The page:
Ultraviolet
This brings us to Ultraviolet. Like Wimmer’s previous film, this is set ‘in the near future’, where the government has attempted to create an army of genetically advanced super-soldiers. Instead, they gave birth to a vampire-like virus. Those infected, known as hemophages, are considered a danger to society and are hunted down. Enter Violet (Milla Jovavich), a hemophage who is working to fight back against her government oppressors. During a sabotage mission, she comes across a young boy who is considered the ultimate threat to the future of hemophages. Having had her child stolen from her, Violet feels a maternal duty to defend this child and to find out what the governments plans really are. Cue many action scenes!

As one can probably tell, Ultraviolet absolutely sticks of Equilibrium. The plots are very similar in the sense that you have a well trained hero who fights and oppressive government using unusual yet highly effective fighting skills. This is the films biggest drag in terms of plot. It seems that Wimmer was so happy with his first film that he’d though he’s change just a few things and try it all over again. However, trying to piece together elements of Equilibrium that worked into a new film makes this very messy and disjointed. The action scenes feel very forced and make the films momentum very jagged.

Ultraviolet
Not helping are the films absolutely appalling special effects. The opening credits establish that this is based on a comic book, but even still, for a film with a thirty-plus million dollar budget it frequently looks like a Looney Toons show crossed with an episode of South Park. Was this meant to reflect the films comic book origins? Who knows, it’s not really made clear.  

One can’t be too harsh however, as word is that Wimmer produced a film that was much smoother and character driven, However the studio put pressure on him to dumb the film down and pump up the action. Because of this pressure, Wimmer reportedly had to cut around thirty minutes of character and plot development. Perhaps one day we will see a directors cut? This rumour is easy to believe, especially since the current cut clocks in at around seventy-nine minutes (excluding credits).

Perhaps it is because of these cuts that Ultraviolet’s plot is so messy. We jump from one place to the next without any real sense of flow. We also get very little from our hero Violet. Milla Jovavich does well in a role she has played before in Resident Evil, but all we get from Violet is the maternal angle, which is driven forward so much that it gets stale quickly. Can we know a little more about her please?

Ultraviolet
Even though Equilibrium showed us some very well conceived and inventive action sequences, this film seems to struggle to deliver in the same fashion. Wimmer tries to keep the action fresh and original, but in the end we still feel like we are watching another director trying to rip Equilibrium off as only one in three action scenes hits the desired target. Don’t be fooled though, those one in three are pretty darn good. Violet’s sword fight in a church and her gunfight in a library are very nice. Despite horrible CGI the sequence of her riding her bike alone a building wall is also lots of fun.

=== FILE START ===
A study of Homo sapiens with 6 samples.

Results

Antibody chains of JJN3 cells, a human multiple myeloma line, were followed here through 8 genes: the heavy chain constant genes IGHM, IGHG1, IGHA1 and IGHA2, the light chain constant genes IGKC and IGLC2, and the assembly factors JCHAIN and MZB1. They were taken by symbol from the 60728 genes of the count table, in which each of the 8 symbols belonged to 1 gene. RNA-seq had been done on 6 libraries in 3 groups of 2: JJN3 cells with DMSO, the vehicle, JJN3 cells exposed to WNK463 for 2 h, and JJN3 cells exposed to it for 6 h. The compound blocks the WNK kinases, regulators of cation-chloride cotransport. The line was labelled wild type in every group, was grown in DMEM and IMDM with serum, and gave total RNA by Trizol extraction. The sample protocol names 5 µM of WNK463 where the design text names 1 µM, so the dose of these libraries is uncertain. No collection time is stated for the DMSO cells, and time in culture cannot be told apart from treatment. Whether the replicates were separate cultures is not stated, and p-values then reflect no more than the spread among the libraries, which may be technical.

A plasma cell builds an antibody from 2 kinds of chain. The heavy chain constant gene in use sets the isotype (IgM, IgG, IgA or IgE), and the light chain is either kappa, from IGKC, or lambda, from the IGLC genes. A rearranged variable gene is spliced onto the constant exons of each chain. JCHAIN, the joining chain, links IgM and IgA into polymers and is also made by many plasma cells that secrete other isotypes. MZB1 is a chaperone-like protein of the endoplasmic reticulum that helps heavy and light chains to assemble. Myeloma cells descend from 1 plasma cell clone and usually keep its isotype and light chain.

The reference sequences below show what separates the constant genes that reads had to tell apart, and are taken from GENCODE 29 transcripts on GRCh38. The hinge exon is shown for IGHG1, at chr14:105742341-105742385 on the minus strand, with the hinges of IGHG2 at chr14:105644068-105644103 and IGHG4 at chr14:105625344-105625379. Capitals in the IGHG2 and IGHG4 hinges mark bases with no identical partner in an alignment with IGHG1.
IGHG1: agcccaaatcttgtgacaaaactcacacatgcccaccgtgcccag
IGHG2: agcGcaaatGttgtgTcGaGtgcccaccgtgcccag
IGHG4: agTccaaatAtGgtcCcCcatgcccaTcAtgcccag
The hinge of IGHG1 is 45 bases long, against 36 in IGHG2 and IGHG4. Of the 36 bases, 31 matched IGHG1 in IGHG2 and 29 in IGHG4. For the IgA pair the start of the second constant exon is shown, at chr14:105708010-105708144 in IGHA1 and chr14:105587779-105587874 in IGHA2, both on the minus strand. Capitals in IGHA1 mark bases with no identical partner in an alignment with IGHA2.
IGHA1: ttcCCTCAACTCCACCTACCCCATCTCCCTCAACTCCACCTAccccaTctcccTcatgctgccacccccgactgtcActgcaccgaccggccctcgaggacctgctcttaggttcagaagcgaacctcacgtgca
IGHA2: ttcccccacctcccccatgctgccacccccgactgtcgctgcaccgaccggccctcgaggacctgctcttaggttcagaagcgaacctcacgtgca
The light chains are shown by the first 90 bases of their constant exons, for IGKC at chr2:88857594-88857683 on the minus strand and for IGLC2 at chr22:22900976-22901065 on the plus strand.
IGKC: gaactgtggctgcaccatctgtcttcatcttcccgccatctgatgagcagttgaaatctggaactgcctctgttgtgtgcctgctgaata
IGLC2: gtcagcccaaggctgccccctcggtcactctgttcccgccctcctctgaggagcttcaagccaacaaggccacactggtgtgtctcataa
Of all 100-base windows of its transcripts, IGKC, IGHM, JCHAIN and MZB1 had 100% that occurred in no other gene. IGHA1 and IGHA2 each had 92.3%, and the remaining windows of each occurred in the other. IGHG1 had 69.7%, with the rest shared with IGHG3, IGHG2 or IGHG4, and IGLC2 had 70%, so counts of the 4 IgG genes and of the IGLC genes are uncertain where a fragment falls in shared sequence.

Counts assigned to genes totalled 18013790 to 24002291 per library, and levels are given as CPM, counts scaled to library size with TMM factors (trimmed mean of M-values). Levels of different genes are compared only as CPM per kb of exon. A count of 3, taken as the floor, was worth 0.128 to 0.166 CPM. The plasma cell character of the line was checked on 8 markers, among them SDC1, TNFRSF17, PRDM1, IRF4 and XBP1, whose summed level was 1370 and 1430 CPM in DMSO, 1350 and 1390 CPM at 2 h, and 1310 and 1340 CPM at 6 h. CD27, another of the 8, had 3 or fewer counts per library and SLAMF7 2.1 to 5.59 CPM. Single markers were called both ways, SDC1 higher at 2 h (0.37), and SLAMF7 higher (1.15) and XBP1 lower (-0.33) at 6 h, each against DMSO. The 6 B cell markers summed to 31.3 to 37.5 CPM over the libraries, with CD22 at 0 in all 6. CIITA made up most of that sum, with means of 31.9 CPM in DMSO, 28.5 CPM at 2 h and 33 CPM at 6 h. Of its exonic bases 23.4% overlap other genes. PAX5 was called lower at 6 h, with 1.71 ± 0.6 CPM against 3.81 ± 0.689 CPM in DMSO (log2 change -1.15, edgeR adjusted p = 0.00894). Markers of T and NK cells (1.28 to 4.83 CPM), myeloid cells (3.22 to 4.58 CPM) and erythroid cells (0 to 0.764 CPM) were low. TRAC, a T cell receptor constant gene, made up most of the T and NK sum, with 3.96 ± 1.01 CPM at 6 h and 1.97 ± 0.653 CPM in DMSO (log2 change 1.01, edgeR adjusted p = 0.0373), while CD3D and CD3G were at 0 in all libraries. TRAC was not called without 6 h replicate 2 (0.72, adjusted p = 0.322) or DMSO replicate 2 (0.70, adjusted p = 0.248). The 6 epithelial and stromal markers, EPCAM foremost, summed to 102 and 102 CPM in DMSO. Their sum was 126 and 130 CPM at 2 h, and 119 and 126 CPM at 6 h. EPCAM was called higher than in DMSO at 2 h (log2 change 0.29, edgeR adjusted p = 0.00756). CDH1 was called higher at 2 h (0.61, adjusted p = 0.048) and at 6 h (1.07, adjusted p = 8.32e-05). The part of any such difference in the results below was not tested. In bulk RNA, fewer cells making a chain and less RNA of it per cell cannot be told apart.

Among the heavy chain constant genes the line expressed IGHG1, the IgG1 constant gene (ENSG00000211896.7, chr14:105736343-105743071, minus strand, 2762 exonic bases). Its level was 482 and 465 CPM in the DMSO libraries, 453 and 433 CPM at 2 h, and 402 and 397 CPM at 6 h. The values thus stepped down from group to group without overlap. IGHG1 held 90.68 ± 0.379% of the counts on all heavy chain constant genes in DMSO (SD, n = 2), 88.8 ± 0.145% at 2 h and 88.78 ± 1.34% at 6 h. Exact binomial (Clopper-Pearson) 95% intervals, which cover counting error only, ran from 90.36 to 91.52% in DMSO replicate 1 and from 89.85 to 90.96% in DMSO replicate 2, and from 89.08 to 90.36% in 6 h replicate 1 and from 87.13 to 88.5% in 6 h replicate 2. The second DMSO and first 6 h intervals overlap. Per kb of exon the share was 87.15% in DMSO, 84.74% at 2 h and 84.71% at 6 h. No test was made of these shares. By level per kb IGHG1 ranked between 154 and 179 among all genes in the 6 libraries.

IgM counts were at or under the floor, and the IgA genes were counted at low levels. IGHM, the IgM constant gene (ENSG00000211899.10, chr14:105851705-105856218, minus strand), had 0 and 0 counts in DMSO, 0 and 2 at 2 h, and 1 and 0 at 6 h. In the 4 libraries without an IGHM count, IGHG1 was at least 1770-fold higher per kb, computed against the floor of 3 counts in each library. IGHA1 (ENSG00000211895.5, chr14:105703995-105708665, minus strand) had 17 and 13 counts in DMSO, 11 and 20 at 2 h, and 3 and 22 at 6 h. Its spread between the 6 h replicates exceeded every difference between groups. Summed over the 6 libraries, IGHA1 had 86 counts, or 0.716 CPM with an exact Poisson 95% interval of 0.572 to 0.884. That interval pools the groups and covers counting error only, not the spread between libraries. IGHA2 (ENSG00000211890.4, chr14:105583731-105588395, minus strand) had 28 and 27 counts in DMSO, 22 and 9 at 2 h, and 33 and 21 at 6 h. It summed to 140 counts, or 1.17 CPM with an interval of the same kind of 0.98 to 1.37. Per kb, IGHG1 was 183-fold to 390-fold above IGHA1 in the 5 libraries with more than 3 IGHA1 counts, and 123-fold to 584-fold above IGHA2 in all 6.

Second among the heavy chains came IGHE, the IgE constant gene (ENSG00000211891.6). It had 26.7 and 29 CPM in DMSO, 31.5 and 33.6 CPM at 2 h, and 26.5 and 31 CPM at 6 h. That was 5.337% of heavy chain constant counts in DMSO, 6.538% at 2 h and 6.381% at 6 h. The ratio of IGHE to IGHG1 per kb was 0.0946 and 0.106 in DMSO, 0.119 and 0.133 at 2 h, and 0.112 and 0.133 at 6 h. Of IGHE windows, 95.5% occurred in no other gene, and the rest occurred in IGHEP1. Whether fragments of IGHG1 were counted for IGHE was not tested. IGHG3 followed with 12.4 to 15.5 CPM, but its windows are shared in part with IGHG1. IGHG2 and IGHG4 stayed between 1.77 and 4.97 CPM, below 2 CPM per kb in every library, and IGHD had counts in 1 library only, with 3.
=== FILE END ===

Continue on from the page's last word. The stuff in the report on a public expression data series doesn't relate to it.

Ultraviolet seems to be a missed opportunity. There is plenty of room here for a decent film but so much seemed so wrong that it was hard to get into it as deep as Equilibrium. Hopefully one day we will see this rumoured directors cut and it improved on these many missed opportunities. For now, we get this cut which is worth checking out if you saw Equilibrium, but otherwise you might not find much to like here.

Ultraviolet

Video


Presented in 1.85:1 widescreen, the film looks very good. There are many different colours used in the film, which do make it quite a visual feast. Each looks great and are perfectly contrasted. There is little interference from those ever-so annoying film artefacts and the grain levels are near non existent (I may have seen some pixilation at times but I’m not sure it wasn’t my imagination). Overall a very nice video transfer.

Audio


The English 5.1 Surround track is very nice. Everything sounds lovely. There are no sync slip-ups. Dialogue is nice and clear and never drowned out by the surrounds, which are put to good use. Ambient sounds are absolutely brilliant and some of the bullet action is made a little more intense by having them sound like they’re flying past your head. The sub also benefits the music track and the numerous action sequences. A fun action film surround track.

Ultraviolet

Extras


First off is an audio commentary by Milla Jovovich. Although Milla is lovely, she seems a little lost for words here, as there are lengthy periods of silence throughout. Why Kurt Wimmer wasn’t involved is a mystery. Maybe was has unhappy with this supposed ‘tainted’ cut of the film? If so, why didn’t he join the commentary and tell us about it!?

There are a few deleted scenes which include an alternate opening. Not much here, but may be interesting if you have a soft spot for the film. Finally there is a making of feature called ‘UV Protection’, a half hour look at the film that is interesting, but not mind-blowing. Overall not too bad, but it seems like there could have been a little more here.

Ultraviolet

Overall


Ultraviolet seems a missed opportunity. If rumours of a Wimmer directors cut are true, maybe there is hope, but for now we get a just average action flick which lacks the character development and cohesiveness to keep it together. Fans of Wimmer’s earlier work may enjoy it, everyone else should approach with caution. The DVD is a tidy little package with a lovely audio and video transfer and some decent, if slightly neglected extras.